As a start-up grows from a few dozen employees to several hundred employees, and then to thousands, the founding team needs to devise scalable and resilient ways to foster relationships up and down the hierarchy. In a small setup, relationships are natural – everyone is physically together, and feels together in the venture. Growth can change all that.
One-on-One (O3) meetings with direct reports encourage relationships through regular communication. The rationale goes to basic psychology. Relationship is based on trust and regular communication improves trust, particularly when it is about things that the direct cares about.
Mark Horstman and Mike Auzenne are co-founders of Manager Tools LLC, a management consulting firm, providing consultancy and training to managers around the world. Both co-founders are United States Military Academy graduates (West Point) and former US Army officers. I am impressed with their work in this area. You can access their free and premium podcasts at manager tools website.
In this post, I summarize some of the lessons learnt about conducting effective O3s with one’s directs. These are based on my own experience for over a year.
Great managers build relationships with directs by communicating regularly. The O3 is scheduled as a recurring appointment in my calendar, every week, for 30 minutes. This appointment is rarely missed, never cancelled and only rescheduled when there is a conflict. The meeting can be over phone, IM or in-person, in the manager’s office.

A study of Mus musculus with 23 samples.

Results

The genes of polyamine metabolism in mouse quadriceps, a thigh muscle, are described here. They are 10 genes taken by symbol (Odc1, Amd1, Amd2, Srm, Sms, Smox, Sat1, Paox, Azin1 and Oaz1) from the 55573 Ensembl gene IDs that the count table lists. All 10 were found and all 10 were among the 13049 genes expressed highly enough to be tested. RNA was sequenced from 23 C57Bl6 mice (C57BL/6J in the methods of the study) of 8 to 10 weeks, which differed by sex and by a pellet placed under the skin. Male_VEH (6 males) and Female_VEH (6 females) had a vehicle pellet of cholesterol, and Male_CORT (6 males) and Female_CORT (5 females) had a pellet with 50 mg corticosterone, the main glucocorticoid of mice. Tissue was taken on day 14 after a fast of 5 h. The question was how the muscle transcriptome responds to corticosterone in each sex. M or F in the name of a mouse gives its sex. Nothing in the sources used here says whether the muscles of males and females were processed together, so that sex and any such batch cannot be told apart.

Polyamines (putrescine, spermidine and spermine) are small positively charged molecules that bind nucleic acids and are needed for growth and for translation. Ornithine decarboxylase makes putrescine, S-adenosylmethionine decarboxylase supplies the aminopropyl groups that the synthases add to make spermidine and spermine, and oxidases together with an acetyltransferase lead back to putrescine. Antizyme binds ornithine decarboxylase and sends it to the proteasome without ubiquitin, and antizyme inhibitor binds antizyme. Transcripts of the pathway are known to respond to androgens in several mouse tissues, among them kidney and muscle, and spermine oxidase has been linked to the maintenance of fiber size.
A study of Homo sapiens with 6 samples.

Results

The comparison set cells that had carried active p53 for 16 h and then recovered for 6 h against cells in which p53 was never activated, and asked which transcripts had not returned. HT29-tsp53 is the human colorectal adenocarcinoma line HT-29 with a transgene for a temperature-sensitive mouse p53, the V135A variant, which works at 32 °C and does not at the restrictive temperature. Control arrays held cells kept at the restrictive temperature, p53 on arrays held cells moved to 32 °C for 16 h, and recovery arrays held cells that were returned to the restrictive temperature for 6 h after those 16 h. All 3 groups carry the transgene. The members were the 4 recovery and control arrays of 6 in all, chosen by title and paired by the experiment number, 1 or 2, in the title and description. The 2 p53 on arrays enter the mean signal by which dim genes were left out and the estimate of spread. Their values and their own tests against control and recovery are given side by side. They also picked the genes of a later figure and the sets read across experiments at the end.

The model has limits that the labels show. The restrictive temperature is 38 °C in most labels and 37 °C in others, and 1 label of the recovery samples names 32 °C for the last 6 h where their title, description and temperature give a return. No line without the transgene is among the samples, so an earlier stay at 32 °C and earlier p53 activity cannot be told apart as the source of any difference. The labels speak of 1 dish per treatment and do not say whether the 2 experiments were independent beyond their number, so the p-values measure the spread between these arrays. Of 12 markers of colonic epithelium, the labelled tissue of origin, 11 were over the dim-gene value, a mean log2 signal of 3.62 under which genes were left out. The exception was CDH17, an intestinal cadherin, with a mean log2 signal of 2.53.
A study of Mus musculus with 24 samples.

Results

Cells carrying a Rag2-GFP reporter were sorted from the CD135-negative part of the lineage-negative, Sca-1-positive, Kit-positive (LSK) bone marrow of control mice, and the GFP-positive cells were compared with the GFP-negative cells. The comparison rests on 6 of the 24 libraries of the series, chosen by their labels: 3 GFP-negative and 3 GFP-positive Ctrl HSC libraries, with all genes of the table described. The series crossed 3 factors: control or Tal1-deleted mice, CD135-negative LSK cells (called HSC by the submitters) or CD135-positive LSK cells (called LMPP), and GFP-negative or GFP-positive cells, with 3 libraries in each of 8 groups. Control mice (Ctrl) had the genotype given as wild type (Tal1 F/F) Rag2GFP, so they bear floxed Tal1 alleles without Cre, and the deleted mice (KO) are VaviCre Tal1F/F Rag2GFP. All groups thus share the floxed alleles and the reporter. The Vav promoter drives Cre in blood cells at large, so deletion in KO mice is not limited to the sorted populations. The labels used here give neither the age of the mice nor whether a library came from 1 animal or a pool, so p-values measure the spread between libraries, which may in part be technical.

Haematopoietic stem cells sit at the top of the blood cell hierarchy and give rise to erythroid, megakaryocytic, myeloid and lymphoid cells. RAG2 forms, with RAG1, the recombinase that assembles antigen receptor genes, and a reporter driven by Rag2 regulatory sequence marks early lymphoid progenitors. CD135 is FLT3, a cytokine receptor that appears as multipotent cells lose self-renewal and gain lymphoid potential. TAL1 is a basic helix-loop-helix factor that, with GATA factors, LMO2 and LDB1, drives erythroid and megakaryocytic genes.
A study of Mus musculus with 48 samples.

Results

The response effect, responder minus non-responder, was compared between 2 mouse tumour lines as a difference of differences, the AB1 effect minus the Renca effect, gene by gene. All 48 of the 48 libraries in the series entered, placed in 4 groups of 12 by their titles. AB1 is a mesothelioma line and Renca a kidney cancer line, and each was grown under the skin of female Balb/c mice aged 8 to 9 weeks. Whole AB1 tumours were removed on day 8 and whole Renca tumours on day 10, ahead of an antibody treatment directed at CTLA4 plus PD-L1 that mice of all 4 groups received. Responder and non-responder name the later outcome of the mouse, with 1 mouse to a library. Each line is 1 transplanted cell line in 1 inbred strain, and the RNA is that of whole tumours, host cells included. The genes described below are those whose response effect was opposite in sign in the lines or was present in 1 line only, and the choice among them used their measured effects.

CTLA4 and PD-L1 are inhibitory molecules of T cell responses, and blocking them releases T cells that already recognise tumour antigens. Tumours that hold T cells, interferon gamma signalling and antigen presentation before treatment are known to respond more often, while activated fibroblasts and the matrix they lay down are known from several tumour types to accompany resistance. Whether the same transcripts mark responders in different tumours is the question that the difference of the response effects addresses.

Every time before the O3 the manager needs to tell himself or herself: This O3 focuses on the team member. Not you, not your work, nor your issues! This half hour belongs to my direct. The rest of the week is for me.
The suggested format of the 30-minute O3 goes something like this: 10 minutes for them, 10 minutes for you and 10 minutes for their development.
Preparation for the O3 can take about 30 minutes – sometimes more. Trust me, the prep time is worth it. Review all deliverables and communication. Decide what you need to tell. Write down positive or adjusting feedback. Figure out what to delegate. Write down questions you want to ask. The questions could be about their weekend, week, work, family, project, questions, worries, etc.
Auzenne and Horstman suggest you start with the same question each time, and write down the answer your direct gives. I have not always followed this.
Listening: This is the most important skill for a manager conducting O3. Clear your desk, focus, stop doing other things, and listen. And remember, do not interrupt!
Take notes. O3 must be documented. The Manager Tools site provides a free O3 form that can be used for writing your notes. After about 10 to 12 weeks, you can review your notes and they will be a rich treasure of information on the direct’s work performance, behaviour and development. This makes periodic appraisals more powerful and real easy.
There are two aspects of O3 that need separate discussion. How to give feedback, and how to coach your direct. I will write about these separately at a later date.